Aquatic therapy or pool therapy consists of an exercise program that is performed in the water. It is a beneficial form of therapy that is useful for a variety of medical conditions. Aquatic therapy uses the physical properties of water to assist in patient healing and exercise performance.
Benefits of aquatic therapy include buoyancy provided by the water. While submerged in water, buoyancy assists in supporting the weight of the patient. This decreases the amount of weight bearing which reduces the force of stress placed on the joints. This aspect of aquatic therapy is especially useful for patients with arthritis, healing fractured bones, or those who are overweight. By decreasing the amount of joint stress it is easier and less painful to perform exercises. Viscosity (resistance) of water provides resistive strengthening without use of weights. Using resistance coupled with the water’s buoyancy allows a person to strengthen muscle groups with decreased joint stress that can not be experienced on land.
Aquatic therapy also utilizes hydrostatic pressure to decrease swelling and improve joint position awareness. The hydrostatic pressure produces forces perpendicular to the body’s surface. This pressure provides joint positional awareness to the patient. As a result, patient proprioception is improved. This is important for patients who have experienced imbalance/falls, soft tissue sprains/strains.
The hydrostatic pressure also assists in decreasing joint and soft tissue swelling that results after injury or with arthritic disorders.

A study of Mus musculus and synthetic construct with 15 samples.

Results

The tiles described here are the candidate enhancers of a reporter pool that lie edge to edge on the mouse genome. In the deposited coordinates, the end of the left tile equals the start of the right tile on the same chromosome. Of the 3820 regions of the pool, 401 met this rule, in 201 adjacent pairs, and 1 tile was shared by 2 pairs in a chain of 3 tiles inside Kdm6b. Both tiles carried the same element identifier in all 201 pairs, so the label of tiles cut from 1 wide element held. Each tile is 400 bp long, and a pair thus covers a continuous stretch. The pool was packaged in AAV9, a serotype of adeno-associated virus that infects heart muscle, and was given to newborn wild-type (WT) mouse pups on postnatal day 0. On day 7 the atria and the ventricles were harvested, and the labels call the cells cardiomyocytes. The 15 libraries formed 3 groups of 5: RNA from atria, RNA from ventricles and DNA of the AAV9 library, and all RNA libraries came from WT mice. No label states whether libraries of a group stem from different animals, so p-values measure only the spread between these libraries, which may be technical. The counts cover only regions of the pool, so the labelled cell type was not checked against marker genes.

Lastly, the warmth of the water experienced during Aquatic Therapy assists in relaxing muscles and vasodilates vessels, increasing blood flow to injured areas. Patients with muscle spasms, back pain, and fibromyalgia find this aspect of Aquatic Therapy especially therapeutic.
Conditions that may benefit from aquatic therapy include:
- Myofascial Pain Syndrome
- Pelvic Pain Syndrome
- Post-Surgical Joint Replacements/Fracture Repair
- Soft Tissue Strains/Sprains
- Back Pain, Spinal Stenosis
- Balance Deficits/History of Falling
It is important to know, however, that aquatic therapy is not for everyone. People with cardiac disease should not participate in aquatic therapy. Those who have fevers, infections, or bowel/bladder incontinence are also not candidates for aquatic therapy. Always discuss this with your physician before beginning an aquatic therapy program.
Wellness and return to sport activities:
- Aquatic exercise instruction is also incorporated into our “Health and Wellness” programs providing individualized water exercise programs with laminated instructions for take home use.
- Aquatic exercise is also an excellent tool for cross training programs, improving physical condition and proprioceptive ability for return to sport activities. It is known as the “injury-free environment for high-powered training” for many professional athletes.